June 30, 2009 • Features

Patrick Reeves, Axiz HP Category Manager, says that while the negativity of the global economic situation has understandably spread angst amongst local business owners, it is important not to let this pessimism consume you. If you run a solid business, stick to the fundamentals, strive to improve your own metrics, and keep doing what you do best.

“The economic downturn has affected all of us, but I don’t believe we need to panic. A difficult economy is not the time to reinvent the wheel, but instead keep focused on what we do best, and improve on this, in line with our business objectives.”

What is also imperative is the customer – and, more specifically, delighting that customer. The opportunities may be less than they were a year ago, but they certainly still exist and are equally as valuable.

“The IT infrastructure deals have not disappeared, they are just a bit tougher to secure this year. CIOs want their budgets to stretch further and buyers want to demonstrate immediate savings. Suppliers have to therefore deliver value in every way possible.”

Optimising every sales opportunity and activity has never been more important. The same applies to existing partnerships. It’s about the “Pareto principle”, Reeves says.

The Pareto principle (also known as the 80-20 rule), he explains, states that, for many events, roughly 80 percent of the effects come from 20 percent of the causes. It is a common rule of thumb in business that 80 percent of your sales come from 20 percent of your clients.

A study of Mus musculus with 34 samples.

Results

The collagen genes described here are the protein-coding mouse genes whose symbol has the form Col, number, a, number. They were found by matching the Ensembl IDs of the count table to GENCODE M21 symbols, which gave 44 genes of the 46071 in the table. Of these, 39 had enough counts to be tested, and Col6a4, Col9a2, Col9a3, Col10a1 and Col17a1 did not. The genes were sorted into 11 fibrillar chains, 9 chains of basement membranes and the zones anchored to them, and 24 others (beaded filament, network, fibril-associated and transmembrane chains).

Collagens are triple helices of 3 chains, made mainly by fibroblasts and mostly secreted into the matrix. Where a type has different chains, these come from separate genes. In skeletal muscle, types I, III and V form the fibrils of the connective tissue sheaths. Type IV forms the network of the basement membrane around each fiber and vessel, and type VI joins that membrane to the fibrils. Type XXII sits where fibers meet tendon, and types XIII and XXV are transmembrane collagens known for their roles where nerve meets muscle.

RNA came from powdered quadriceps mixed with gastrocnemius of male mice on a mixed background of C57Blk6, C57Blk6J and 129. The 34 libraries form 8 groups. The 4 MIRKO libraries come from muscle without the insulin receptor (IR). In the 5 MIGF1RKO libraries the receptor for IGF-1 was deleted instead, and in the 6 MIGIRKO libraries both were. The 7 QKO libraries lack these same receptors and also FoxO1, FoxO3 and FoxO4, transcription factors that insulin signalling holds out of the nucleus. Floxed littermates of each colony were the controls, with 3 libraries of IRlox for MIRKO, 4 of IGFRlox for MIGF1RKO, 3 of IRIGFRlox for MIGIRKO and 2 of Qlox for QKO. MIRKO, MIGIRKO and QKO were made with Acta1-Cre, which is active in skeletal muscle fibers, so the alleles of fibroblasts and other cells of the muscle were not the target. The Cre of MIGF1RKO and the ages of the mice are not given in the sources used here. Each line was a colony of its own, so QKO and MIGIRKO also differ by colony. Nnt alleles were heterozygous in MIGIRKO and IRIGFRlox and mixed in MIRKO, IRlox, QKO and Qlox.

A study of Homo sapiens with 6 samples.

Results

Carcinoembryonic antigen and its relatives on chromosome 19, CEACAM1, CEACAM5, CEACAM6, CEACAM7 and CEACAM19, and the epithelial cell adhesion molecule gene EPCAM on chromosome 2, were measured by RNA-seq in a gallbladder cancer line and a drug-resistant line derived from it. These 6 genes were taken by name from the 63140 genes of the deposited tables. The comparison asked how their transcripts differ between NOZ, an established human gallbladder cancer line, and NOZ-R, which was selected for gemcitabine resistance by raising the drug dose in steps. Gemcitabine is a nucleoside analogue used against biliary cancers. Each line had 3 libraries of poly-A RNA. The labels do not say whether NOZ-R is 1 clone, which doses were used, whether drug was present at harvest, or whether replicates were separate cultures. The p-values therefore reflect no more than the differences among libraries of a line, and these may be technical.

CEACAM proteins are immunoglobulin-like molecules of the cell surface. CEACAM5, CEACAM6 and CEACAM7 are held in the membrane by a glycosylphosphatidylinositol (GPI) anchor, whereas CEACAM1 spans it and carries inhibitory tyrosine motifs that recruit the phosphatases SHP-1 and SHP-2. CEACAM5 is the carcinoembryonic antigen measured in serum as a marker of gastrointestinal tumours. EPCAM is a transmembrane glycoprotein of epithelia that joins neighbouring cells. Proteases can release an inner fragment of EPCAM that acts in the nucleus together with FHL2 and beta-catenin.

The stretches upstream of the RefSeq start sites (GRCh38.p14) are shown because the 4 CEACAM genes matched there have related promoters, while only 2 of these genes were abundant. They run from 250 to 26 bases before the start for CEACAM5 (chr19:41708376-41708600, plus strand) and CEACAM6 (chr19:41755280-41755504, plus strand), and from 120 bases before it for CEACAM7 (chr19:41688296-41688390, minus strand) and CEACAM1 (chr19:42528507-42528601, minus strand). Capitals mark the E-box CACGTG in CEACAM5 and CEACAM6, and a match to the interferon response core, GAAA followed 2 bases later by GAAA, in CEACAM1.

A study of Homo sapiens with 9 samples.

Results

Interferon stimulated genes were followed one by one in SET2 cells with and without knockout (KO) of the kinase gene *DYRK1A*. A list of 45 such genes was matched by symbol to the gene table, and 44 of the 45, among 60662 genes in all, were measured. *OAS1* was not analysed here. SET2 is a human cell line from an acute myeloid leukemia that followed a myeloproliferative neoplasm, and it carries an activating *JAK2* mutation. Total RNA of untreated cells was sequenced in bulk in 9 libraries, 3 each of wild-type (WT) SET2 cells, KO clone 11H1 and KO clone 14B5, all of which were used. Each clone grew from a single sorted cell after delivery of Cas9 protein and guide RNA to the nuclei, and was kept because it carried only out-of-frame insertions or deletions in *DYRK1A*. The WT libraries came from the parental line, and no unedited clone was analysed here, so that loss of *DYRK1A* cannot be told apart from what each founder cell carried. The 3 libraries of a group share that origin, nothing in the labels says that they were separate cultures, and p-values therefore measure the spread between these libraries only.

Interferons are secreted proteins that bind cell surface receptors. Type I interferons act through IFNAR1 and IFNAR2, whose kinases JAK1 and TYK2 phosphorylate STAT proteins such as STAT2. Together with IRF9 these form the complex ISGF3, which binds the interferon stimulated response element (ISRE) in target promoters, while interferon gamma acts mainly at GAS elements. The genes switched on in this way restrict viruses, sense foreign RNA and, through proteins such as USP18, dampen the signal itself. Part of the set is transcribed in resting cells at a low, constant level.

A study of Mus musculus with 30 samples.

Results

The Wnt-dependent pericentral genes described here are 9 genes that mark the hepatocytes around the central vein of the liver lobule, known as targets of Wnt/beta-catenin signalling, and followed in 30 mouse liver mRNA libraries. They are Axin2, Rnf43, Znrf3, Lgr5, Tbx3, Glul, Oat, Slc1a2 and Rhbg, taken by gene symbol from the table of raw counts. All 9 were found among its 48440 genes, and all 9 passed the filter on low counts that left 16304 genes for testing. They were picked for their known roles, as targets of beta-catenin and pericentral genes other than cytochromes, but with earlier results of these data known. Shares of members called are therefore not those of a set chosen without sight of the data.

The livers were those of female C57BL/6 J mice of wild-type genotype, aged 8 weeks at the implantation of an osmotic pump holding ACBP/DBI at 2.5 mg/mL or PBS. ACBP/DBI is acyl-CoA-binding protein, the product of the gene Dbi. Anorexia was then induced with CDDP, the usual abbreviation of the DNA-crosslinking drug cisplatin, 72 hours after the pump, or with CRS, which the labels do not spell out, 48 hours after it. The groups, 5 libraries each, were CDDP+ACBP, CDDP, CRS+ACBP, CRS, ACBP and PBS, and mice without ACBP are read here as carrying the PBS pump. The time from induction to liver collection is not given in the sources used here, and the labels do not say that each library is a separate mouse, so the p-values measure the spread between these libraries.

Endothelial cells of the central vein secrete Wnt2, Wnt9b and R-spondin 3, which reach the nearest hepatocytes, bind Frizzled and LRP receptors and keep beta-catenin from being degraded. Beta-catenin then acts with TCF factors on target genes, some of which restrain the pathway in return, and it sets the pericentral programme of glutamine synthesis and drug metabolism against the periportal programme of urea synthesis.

Reeves says fickle, price-obsessed dealers will battle to survive. Businesses need to manage their largest, most loyal customers even more closely and leverage tight partnerships in which vendor, distributor, reseller and end-users work together to address the challenges and ensure mutual benefit.

“Concentrate on keeping your company connected to its channels and breaking down any process- or system-based barriers internally. This gives you the strongest competitive weapon of all: the ability to respond accurately and quickly to your channel partners’ and customers’ needs. After all, a true competitive advantage means you not only know what you competition is up to, but you’re acting on that knowledge. Agility is your most powerful tool in a difficult economy.”